War And Living With Ptsdby Robert Carson Krause
Robert spent a year humping the boonies as a radio telephone operator in the 25th Division. Through air
Robert was a carefree college student when he was drafted in July 1969. He was soon crawling through the steamed rice patties and fetid swamps of the Mekong Delta around Cu Chi and then in 1970 from April until June, the Cambodia incursion in III and IV Corps.
Robert spent a year humping the boonies as a radio telephone operator in the 25th Division. Through air strikes, firefights, and ambushes, he fought the grunts war; the war the base camp commandos never saw.
Robert captures the terror, anarchy, death, dying and trauma of war. All the bloody horrors that etched into the faces of countless young American men, searing images that would last forever in their minds and would last forever.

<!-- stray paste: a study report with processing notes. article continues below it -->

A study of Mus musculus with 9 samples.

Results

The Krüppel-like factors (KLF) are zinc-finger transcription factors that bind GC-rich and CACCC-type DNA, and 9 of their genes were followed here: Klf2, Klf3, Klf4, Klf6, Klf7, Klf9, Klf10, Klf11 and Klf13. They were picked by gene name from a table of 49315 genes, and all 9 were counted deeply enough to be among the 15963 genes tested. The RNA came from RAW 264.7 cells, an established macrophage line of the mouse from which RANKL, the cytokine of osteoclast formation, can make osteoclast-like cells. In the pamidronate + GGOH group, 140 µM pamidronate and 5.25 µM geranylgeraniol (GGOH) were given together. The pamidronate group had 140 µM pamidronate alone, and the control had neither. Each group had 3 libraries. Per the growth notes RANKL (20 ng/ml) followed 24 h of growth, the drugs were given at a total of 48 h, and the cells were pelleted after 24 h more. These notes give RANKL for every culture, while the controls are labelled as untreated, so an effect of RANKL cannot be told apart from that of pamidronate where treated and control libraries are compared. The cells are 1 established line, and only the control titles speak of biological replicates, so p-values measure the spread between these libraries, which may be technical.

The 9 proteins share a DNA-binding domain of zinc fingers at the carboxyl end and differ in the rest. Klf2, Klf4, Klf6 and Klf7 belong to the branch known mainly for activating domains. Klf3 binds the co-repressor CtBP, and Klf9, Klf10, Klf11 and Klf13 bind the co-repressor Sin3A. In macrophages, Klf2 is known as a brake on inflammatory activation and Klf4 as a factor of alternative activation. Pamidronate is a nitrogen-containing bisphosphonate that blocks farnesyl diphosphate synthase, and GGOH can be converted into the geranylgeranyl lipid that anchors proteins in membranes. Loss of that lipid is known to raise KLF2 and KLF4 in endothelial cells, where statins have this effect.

Robert was then stationed at Fort Polk, Louisiana (called little Vietnam) as an instructor to train future grunts in Radio Telephone Communications.
Betty and Robert returned to Denver and he completed his undergraduate and graduate degrees.
Robert then went to work on a long list of jobs (28). For the 30 years since he returned, he could not figure out what was happening to him and was hospitalized for suicidal thoughts. He then began the Post Traumatic Stress Program at the V.A. Hospital in Denver and found thousands of "Brothers" were suffering the same truma.
One concern combat veterans realized very quickly was "you never get over PTSD," you only learn how to manage the symptoms.
Thousands of combat veterans have PTSD today as well as the Iraq and Afghanistan soldiers are or will experience.
This book is dedicated to the need to select leaders who believe war is the last solution and to quote Thomas Jefferson: "If a nation expects to be ignorant and free...it expects what never was and never will be."